New scientific studies show conclusively that breakfast is essential to lowering the risk of a few fatal diseases. But there’s more to it than that.
The Royal Breakdown
Among the more common meal truisms is this: “Eat like a king at breakfast, a prince at lunch and a pauper at dinner.”
That saying may be based on how meals affect weight loss. In other words, you can control your weight by eating that way because you become less active and burn fewer calories as the day wears on. Unfortunately, that isn’t true: Your body continuously burns calories day and night — even while you sleep. It does not have a 24-hour start/stop calorie-burning switch. The process is an unceasing burn, not a consumption that shifts moment to moment. It doesn’t even change from day to day. And when you consume more than you burn off, you convert the excess to fat.
The Heavy Breakfast Breakdown
Some folks advocate eating a big breakfast to load up your energy for the day. This is akin to the “farmer’s breakfast” or the “grand slam” where you eat plenty of meat and eggs and carbohydrates in the form of pancakes and toast and muffins to fill you up. The problem is this method leads to a fast energy crash. Too much food in the stomach sends the blood to the digestive system, causing dizziness and sleepiness. Too many carbs causes insulin to flood the bloodstream, making your energy level bottom out.
Eating too much at any meal is not a good idea.
The Vital Breakfast Facts
Regardless of what people say or believe, the truth is that breakfast is a vital meal. In fact, it can help stave off diseases. According to a research study published in the July 23 issue of the journal Circulation: “Eating breakfast was associated with significantly lower coronary heart disease.”
The study examined a year’s worth of data about the eating habits of nearly 27,000 men ages 45 to 82. During the initial period of the study, the men were all free of cardiovascular disease and cancer. Tracking their health over the next 16 years showed the men collectively suffered more than 1,500 incidents of coronary heart disease (CHD). After adjusting for various factors, the researchers found: “Men who skipped breakfast had a 27% higher risk of CHD compared with men who did not.”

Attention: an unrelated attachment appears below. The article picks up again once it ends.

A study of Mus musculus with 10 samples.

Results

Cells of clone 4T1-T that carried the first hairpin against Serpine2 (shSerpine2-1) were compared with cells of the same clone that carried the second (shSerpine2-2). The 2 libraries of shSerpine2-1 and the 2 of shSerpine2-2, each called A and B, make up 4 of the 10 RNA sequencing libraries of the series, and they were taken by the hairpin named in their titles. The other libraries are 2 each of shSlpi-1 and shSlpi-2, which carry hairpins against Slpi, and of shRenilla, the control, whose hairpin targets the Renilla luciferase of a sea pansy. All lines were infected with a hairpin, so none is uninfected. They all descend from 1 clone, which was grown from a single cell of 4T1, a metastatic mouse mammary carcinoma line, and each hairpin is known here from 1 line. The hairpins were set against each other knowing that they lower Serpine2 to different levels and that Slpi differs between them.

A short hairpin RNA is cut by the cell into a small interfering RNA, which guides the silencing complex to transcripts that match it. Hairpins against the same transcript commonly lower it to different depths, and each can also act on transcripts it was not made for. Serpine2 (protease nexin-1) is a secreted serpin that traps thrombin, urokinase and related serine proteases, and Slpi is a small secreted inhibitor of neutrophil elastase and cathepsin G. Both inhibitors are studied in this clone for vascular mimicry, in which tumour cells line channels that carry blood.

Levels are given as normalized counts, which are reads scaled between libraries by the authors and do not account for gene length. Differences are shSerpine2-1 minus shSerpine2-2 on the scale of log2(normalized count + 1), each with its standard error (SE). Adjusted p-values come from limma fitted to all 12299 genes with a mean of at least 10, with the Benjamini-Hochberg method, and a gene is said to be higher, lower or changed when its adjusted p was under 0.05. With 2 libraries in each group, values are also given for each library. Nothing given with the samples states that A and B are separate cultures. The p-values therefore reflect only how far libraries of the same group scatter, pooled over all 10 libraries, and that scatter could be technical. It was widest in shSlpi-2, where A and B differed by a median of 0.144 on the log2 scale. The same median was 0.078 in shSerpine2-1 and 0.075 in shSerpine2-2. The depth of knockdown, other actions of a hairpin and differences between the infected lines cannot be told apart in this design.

In addition, they found: “Compared with men who did not eat late at night, those who ate late at night had a 55% higher risk of CHD.”
What This Means
We already know that there is an association among skipping meals and weight gain, high blood pressure, syndrome X (insulin resistance) and fasting cholesterol levels. However, this research points to two new, very important and very different facts about eating and health: Both skipping breakfast and eating late at night can increase your risk of heart disease.
So the truism that one should eat three meals per day — one at 6 a.m., one at noon and one at 6 p.m. — may be based on actual health effects and not just on fitting meals around our modern work schedule.
You should also give careful thought to what you put in your body at those meals. After all, in addition to staving off heart disease, you also need to support good nutrition and sustained energy.
Simple Meal Solutions
In simple terms, and without trying to create an innovative “diet,” you can see it is enough to opt for nutritionally dense foods at each meal. You should consume lean protein, plenty of roasted or lightly steamed vegetables (especially of the green-leafy variety), raw fruit, fresh water and some form of both soluble fiber (from beans and vegetables) and insoluble fiber (from grains like quinoa and brown rice). Swap out dairy beverages and product for other “milks” like almond, quinoa and hemp milk. These taste enough like milk (I actually like them better) and are healthier overall than cow’s milk.
And, of course, eat organic whenever possible. There’s no point in loading up on healthy food that has been soaked in herbicides and pesticides.
It is vital that you not skip breakfast or eat late at night. And it is equally as vital to eat whole, organic, nutrient-dense foods at each meal. Doing so will support your body and not send it into fight-or-flight mode. If you avoid processed foods and simple carbs, you will stave off heart disease, level to your natural weight and feel better, with more energy and vibrancy to greet each day.